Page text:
They're not just great soloists. The Greyboy Allstars are a cohesive unit where the instruments blend together to create a dynamic groove machine that demonstrates Jedi mastery of the tone sciences.
Too many bands have been skipping the San Diego region this year in favor of gigs in Los Angeles. But you don't have to worry about that with the Greyboy Allstars. Bandleader and saxman extraordinaire Karl Denson calls San Diego home, so the “Whale's Vagina,” as fictional newsman Ron Burgundy once dubbed the town, will always be on the tour schedule for these acid jazz masters.
Some have come to know Denson better for his other band, Karl Denson's Tiny Universe, but it was the Greyboy Allstars with whom he first pioneered the acid jazz sound that has become such a favorite of groove fans across the nation. GBA doesn't tour as much as KDTU these days, so it's always a treat to catch the boys back in action with the old school sound. The two bands have much in common, but their complimentary sounds vary just enough to make you want to see both bands whenever they come around.
It's a Saturday night, so the crowd is ready to party and so is the band, of course. Bassist Chris Stillwell is even in a uniform of sorts, wearing grey Converse All-Stars with grey jeans and a grey pinstriped shirt. The band has some fresh material from an upcoming album and the new “Breaking Blood” is an early highlight that gets the crowd moving and grooving with a hard-edged funky groove that recalls the Meters. Denson lays down his sax and picks up the mic for some bluesy vocals that recall the l Uptown Ruler himself (legendary Meters vocalist Cyrille Neville.) Then he picks up the sax to wail over the hot groove from Stillwell, drummer Aaron Redfield, guitarist Elgin Park, and keyboardist Robert Walter. Each of these guys is an absolute ace, hence the band's moniker. But they're not just great soloists. The Greyboy Allstars are a cohesive unit where the instruments blend together to create a dynamic groove machine that demonstrates Jedi mastery of the tone sciences.
The classic “Jackrabbit” lights a fuse, with Stillwell laying down a popping bass line that always gets an audience jumping around. The song is quintessential Greyboy Allstars with its blend of active bass, classic funk guitar, groovy electric piano and smoking horn lines. The band's popularity has held steady for over a decade now, and it's always a treat to catch such groove masters in action at an intimate club. There's a transcendent ecstatic quality to the music that mixes a retro James Brown-style funk with a futuristic space groove vibe, and you always come out the other side feeling spiritually renewed.
Denson is also a master of tapping into the blues that can weigh a man down regarding a lost job or a girl that got away and turning such feelings into a funky catharsis. Such is the case on “Still Waiting”, where it it doesn't matter if the girl comes back because everyone is going to get down. A hot take on Michael Jackson's “The Way You Make Me Feel” keeps the party going as well, as Denson and company take MJ's shiny, poppy single and transform it with an old school funk arrangement.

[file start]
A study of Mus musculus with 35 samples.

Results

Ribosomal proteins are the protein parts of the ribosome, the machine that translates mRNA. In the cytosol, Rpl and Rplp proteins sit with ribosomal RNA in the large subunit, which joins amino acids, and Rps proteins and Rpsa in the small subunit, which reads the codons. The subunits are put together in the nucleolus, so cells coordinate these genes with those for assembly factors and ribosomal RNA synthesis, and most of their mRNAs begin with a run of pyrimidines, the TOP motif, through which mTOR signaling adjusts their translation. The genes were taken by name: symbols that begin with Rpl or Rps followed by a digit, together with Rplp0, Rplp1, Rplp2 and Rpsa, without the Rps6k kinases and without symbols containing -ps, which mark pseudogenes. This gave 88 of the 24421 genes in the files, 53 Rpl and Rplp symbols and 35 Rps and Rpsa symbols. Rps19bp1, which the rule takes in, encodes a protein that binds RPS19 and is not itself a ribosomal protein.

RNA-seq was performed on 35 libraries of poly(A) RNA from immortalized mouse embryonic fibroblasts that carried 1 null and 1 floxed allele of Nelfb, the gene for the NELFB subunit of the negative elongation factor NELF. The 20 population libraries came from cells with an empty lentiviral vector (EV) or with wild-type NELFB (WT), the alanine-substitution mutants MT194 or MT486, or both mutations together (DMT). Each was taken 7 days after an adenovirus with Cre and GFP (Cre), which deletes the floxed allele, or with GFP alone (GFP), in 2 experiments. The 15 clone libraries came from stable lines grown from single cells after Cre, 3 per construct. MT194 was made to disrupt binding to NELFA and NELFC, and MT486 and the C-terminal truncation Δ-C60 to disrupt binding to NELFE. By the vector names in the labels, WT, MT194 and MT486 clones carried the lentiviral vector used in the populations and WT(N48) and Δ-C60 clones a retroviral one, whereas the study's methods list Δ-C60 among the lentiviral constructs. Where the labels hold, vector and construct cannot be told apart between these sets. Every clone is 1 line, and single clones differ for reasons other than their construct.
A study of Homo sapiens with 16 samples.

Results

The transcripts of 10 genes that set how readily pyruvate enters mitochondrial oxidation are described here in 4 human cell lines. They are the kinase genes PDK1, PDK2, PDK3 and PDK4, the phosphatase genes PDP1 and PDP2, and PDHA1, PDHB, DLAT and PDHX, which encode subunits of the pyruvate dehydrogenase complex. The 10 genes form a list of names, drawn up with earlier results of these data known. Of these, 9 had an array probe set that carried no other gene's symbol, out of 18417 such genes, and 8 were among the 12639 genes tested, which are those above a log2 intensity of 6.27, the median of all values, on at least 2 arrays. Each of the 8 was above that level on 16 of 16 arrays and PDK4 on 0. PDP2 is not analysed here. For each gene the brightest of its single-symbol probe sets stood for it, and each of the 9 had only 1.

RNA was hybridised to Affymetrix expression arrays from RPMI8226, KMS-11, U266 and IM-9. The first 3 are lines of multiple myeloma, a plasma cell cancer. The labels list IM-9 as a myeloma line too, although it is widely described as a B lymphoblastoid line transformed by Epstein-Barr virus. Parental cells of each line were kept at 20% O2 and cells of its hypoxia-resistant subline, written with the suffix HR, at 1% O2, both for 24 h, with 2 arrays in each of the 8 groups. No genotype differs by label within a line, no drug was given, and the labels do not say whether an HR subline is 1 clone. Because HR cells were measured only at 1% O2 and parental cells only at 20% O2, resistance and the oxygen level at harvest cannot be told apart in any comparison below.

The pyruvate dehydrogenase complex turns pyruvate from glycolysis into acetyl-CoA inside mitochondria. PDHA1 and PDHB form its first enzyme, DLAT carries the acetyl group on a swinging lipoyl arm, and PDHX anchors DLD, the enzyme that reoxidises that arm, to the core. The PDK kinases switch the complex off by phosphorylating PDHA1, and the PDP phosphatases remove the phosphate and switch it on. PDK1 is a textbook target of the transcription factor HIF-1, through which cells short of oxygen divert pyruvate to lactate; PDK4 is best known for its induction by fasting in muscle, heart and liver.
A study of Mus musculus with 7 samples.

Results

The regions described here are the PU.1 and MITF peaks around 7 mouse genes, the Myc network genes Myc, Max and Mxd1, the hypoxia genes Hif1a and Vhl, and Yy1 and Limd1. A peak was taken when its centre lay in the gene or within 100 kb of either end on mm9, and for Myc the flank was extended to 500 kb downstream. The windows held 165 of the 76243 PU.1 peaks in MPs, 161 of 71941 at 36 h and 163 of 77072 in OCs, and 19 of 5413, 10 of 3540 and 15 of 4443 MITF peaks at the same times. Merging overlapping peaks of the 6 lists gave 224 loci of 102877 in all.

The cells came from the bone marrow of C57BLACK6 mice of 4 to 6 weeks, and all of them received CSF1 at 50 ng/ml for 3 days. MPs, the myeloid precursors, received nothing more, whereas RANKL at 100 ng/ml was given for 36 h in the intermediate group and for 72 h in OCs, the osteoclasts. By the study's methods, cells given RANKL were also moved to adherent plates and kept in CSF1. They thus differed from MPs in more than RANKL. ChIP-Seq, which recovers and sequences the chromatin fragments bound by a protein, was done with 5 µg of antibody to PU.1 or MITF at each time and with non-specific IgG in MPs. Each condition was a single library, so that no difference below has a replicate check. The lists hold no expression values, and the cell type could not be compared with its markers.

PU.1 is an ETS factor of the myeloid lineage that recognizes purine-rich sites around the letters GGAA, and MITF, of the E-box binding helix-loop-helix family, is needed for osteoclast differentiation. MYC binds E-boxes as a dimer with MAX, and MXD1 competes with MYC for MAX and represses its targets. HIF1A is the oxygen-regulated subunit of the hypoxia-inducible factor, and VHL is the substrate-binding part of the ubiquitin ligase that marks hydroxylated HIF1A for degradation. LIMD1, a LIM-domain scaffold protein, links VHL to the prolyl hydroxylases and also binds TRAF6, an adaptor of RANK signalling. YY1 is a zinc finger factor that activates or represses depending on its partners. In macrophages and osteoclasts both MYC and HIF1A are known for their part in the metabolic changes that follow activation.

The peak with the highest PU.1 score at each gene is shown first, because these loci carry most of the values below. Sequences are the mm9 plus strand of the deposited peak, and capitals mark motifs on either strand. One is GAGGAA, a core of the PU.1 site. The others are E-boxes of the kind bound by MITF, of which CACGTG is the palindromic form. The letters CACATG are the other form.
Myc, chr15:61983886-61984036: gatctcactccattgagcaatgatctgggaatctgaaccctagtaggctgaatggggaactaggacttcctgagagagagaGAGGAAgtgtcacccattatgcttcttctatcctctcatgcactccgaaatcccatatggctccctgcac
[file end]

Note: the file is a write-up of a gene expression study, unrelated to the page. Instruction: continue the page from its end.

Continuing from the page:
DJ Greyboy himself spins during the setbreak, keeping the funky tunes going so that it almost feels like the show never stopped. The Belly Up also provides a convenient smoking section out back where much of the crowd mingles during the break. It's another beautiful balmy night in San Diego, so it's nice to be able to step out for some fresh air (hint hint, House of Blues.)
The band gets down to business in the second set with a jazzy jam where Denson lays down some flute that recalls Ron Burgundy's stellar work at the jazz club in Anchorman. A high energy, superfunk groove kicks the set into overdrive with Walter laying down some great organ work over a snazzy beat. The new “M&M” proves to be another winner from the impending album, with Denson using the flute in a jammier mode over a tight groove from Stillwell and Redmond. The classic “Happy Friends” may well sum up the night, as it's impossible to find anyone who isn't smiling during this tune. The song moves into a monster jam that delves deep into some late '60s-style psychedelia, with Park delivering some melty licks that seem to conjure Jerry Garcia at the Fillmore back in the day.
The encore features Park and Stillwell switching axes and continuing to crush it, while Denson goes back to the flute for a big funky jam that extends into the 15-20 minute range. It's getting into the one a.m. hour but no one seems ready to go home, not when you've got San Diego's de facto house band laying down such groovy, jazzy jams. Now if only San Diego had its own Fillmore.